Despite talk of a potential tech bubble following several highly public IPOs, the outlook for continued disruption and groundbreaking tech companies is actually brighter than ever.

Mobile is continuing to surge, and it is continuing to impact enterprises worldwide. Web development is evolving for the age of tablets and rich interactivity via HTML5. Even the way in which a company builds and strategically assembles its IT infrastructure are evolving thanks to the cloud, distributed computing, and open-source technology.

Balavan | E+ | Getty Images


Web development gets more scalable

In 2014, HTML5 will gain traction as a leading option to develop custom enterprise apps that are compatible with multiple device types. Many enterprises have avoided such tools in light of excessive software development costs. Using an amalgam of HTML, CSS, and Javascript, web developers can create highly interactive, yet economical, web applications (accessible online and offline) for today's tech-savvy business user. This, especially, will hold value, given the prevalence of Bring Your Own Device (BYOD) for today's modern business.



The rise of exclusive enterprise mobile apps will proliferate the existence of custom enterprise-app stores. Businesses will continue to develop in-house apps that can be accessed inter-departmentally for managing, modifying, and viewing corporate data. Yet, while said businesses will be highly eager to empower employees with such tools, security will also remain a top priority.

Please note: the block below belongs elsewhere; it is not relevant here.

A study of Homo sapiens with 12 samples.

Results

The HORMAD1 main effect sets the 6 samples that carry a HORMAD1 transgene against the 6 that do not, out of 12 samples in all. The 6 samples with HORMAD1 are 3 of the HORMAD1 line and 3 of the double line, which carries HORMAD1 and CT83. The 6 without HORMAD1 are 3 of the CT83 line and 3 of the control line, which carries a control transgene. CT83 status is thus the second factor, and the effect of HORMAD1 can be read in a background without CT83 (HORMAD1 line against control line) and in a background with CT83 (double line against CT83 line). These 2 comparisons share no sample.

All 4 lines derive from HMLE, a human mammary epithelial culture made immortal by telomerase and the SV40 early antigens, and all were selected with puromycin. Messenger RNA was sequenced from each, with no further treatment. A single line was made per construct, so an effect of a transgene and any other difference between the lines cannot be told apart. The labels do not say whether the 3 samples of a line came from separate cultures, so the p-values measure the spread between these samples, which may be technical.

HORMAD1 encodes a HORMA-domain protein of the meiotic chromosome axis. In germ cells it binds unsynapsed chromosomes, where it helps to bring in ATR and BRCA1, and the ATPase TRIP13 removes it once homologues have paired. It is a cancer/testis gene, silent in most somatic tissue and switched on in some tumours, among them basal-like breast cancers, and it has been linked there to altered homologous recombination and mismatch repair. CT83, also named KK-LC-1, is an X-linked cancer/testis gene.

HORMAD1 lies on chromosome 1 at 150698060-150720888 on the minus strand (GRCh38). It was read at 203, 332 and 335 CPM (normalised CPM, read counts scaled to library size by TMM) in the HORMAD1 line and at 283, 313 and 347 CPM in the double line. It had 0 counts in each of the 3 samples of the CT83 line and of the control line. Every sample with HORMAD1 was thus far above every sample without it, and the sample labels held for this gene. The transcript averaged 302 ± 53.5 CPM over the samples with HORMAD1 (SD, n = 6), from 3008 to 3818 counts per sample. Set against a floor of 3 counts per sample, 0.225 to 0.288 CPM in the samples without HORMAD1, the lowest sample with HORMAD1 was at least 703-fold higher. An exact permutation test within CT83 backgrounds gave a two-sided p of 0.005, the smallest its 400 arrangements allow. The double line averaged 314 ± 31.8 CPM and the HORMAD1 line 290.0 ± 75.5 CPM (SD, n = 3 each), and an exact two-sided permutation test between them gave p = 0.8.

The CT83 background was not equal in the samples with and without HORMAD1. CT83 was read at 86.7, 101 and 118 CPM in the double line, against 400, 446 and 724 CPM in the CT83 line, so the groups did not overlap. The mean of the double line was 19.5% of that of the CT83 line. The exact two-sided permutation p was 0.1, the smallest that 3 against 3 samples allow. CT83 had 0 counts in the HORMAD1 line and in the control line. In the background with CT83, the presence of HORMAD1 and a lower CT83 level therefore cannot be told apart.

Organizations using an array of device types with dozens of software applications will be challenged to keep their environments secure. As such, the growing concept of the enterprise-app store will be used to fight the never-ending war against malware, unsecured networks, and unauthorized data access.



In addition to progress with enterprise applications, traditional analog business tools are becoming increasingly smart and digitized. Machine to machine communication will change the way enterprises plan logistics, maintain security, and even conduct human resources.

Splunk, a $190 million San Francisco based corporation that went public last year, offers web applications for analyzing massive sets of machine generated data. This year also saw a flurry of robot and smart machine oriented acquisitions and investments (Boston Dynamics by Google, and Amazon's automated delivery drones to name a few).


Enterprise applications with real-time operational data feeds from factory machines, truck fleets, and facility sensors will be a godsend for executives. But from an IT perspective they will require enhanced security to manage access and protect information.

Regardless of the industry, disruptive technologies will transform the way enterprises manage, augment, and analyze operations. From our biased perspective, we believe that innovative software development will be the catalyst for such growth in 2014.

Enterprises will use HTML5 as an economical way to build cross-platform apps for employees. Individual departments from HR to Finance will start churning out their own exclusive apps for relevant employees. And as 2014 emerges and progresses, software development trends will continue to evolve alongside smart devices and sensor embedded industrial equipment.

Throughout 2014, enterprises will continue to assert control over the real-time data that is central to their growth, while providing pervasive and secure access to employees who put such data to work.

— By Himanshu Sareen

Himanshu Sareen is the founder and CEO of mobile-app and web-development company Icreon Tech in New York City. Follow Icreon on Twitter @icreontech.